When we last left off in Part 3 of our series of posts on Johnny’s experience at our recent PWB in the Caribbean course, he was experiencing the highs and lows of exploit development, emerging triumphantly in the end. Part 4 picks up where we left off last time so we’ll let Johnny take it from here.
The day continued and the content became increasingly more technical and the exercises became more difficult. A demonstration of the ANI exploit involved an EIP overwrite, several NOP sleds and a couple of pointer redirects that produced a trampoline effect that eventually landed on our payload and executed a shell. I was like poetry in motion, explosive yet graceful. The class was in awe. It was as if the exploit writer had assembled a complex puzzle by expertly placing lit firecrackers into a box full of pieces.
The demonstrations were impressive, but they weren’t designed to impress us with the allure of the magician’s talent. Instead, through follow-on exercises, the magician took us back-stage, taught us his secrets and put us confidently on stage in our own show.
But even though it seemed like magic, this was no illusion and these werenʼt mere parlor tricks. This was the heart and soul of what defines a hacker, the truest definition, devoid of morality and ethics. And by extension, this was the essence of our profession, a perfect example of the art that is true penetration testing. More holistic than just “hacking”, we had been taught a critical, reproducible process that eventually landed us here, perched precariously on the sharpest of edges, manipulating the system at its lowest level, one byte at time.
Through demonstration, intense hands-on exercises executed under the watchful eye of some of the finest instructors I have even encountered, each and every student, regardless of their level of experience, was empowered. Sure we learned, but more than that we were thrilled and excited; our eyes opened. Each student left changed.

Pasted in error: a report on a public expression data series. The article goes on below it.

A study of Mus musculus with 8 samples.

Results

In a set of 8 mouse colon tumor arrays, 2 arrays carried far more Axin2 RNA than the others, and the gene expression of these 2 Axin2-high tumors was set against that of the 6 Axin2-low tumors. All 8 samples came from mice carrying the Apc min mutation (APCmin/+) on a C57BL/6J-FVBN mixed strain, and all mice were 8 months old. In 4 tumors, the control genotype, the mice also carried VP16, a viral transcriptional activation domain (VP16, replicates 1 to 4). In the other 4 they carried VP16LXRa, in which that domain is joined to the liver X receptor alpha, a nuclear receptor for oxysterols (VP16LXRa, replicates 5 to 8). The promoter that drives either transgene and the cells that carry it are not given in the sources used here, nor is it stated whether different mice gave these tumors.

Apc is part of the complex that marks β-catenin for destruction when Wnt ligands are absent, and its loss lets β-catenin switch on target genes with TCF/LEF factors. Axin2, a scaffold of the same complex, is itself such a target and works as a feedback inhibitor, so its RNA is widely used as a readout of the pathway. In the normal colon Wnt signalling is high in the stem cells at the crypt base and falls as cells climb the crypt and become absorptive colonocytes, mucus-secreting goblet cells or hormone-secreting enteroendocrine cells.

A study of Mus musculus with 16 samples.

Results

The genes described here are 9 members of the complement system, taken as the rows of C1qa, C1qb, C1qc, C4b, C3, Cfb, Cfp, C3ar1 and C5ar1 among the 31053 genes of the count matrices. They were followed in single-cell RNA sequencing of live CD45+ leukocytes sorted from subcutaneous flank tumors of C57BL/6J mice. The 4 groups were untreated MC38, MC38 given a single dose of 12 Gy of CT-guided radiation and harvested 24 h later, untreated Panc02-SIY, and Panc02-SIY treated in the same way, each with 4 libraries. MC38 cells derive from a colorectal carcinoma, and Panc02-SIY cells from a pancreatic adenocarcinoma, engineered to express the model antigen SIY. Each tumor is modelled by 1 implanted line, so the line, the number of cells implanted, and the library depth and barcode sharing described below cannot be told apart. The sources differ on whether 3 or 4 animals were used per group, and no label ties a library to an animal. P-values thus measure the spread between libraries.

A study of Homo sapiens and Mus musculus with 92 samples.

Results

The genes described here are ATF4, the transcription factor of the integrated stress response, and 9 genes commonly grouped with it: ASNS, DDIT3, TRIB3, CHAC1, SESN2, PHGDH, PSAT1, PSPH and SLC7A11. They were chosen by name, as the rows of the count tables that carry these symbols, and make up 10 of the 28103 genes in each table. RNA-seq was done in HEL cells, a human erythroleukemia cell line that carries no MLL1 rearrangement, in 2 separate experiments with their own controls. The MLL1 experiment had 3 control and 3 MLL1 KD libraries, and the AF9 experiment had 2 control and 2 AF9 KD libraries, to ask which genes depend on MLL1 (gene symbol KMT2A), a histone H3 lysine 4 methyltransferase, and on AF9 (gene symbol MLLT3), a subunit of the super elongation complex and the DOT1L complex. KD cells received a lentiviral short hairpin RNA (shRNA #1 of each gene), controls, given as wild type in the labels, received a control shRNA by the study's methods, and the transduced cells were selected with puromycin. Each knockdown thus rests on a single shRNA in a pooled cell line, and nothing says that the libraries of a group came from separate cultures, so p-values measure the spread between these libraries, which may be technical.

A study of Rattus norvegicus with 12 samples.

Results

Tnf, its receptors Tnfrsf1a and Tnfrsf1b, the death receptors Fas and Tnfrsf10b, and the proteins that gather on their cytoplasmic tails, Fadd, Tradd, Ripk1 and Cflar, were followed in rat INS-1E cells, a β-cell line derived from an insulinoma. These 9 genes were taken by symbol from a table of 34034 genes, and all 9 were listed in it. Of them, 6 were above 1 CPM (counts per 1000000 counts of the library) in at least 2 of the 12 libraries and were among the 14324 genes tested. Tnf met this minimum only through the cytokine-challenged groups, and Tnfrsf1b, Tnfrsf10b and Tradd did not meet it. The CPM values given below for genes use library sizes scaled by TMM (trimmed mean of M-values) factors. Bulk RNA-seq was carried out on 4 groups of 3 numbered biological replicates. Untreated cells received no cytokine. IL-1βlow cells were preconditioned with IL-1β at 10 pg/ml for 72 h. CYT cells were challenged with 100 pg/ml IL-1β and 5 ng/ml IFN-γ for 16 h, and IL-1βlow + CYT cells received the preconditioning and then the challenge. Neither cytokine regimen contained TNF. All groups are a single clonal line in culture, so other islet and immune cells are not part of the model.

Iʼve described PWB as “transformative technical training at it’s very best”, and I meant that.
I spoke to many students about the course and each one shared the excitement I felt. Most of them were excited to get out of class and play in the lab.
Each student gains access to the Offensive Security labs, which are stocked with dozens of virtual machines, multiple subnets, and routers all stood up with real-world configurations that simulate a wide range of challenges youʼll face in a real pen test. However, the Offsec staff have taken pride in creating several mind-bending situations within the labs that will fray even the most hardened professional. The virtual walls of the Offsec lab are spattered with the blood, sweat, and tears of more than one security expert. Just the thought of attacking these beastly machines is intimidating, but each and every student was anxious for their login so they could sharpen their skills and claim the most relevant and challenging security certifications in the industry.
I canʼt speak for every student in the class. But I can speak for my experience and I can definitely say that I left the PWB class changed in more than one way.
I left the class with a clear view of where my weaknesses lie. It was a humbling experience. So for the past few weeks, Iʼve been consumed by a hunger to learn more, to fill in those personal weaknesses I discovered. Iʼm heads down in a debugger and working my way through several books on Metasploit, Assembly and shellcode. And Iʼm learning fast. Not too shabby for an old dog who was convinced he couldnʼt learn new tricks. I left the course encouraged and excited to get to work building my knowledge. More than that, I have a clear plan, the tools I need, access to a massive virtual lab to play in, and a knowledge foundation that will propel me to the next level. I also have access to the best instructors in the business and thought-leaders in the industry as well as a solid community of past Offsec students who are just as excited as I am.
Something else has changed as well…
Stayed tuned for our next installment of “Memoirs of a Cyber Pirate”. If you want to experience Pentesting with BackTrack or Advanced Windows Exploitation yourself, we are running both courses this March in St. Kitts so Sign-up today while there are still some seats available.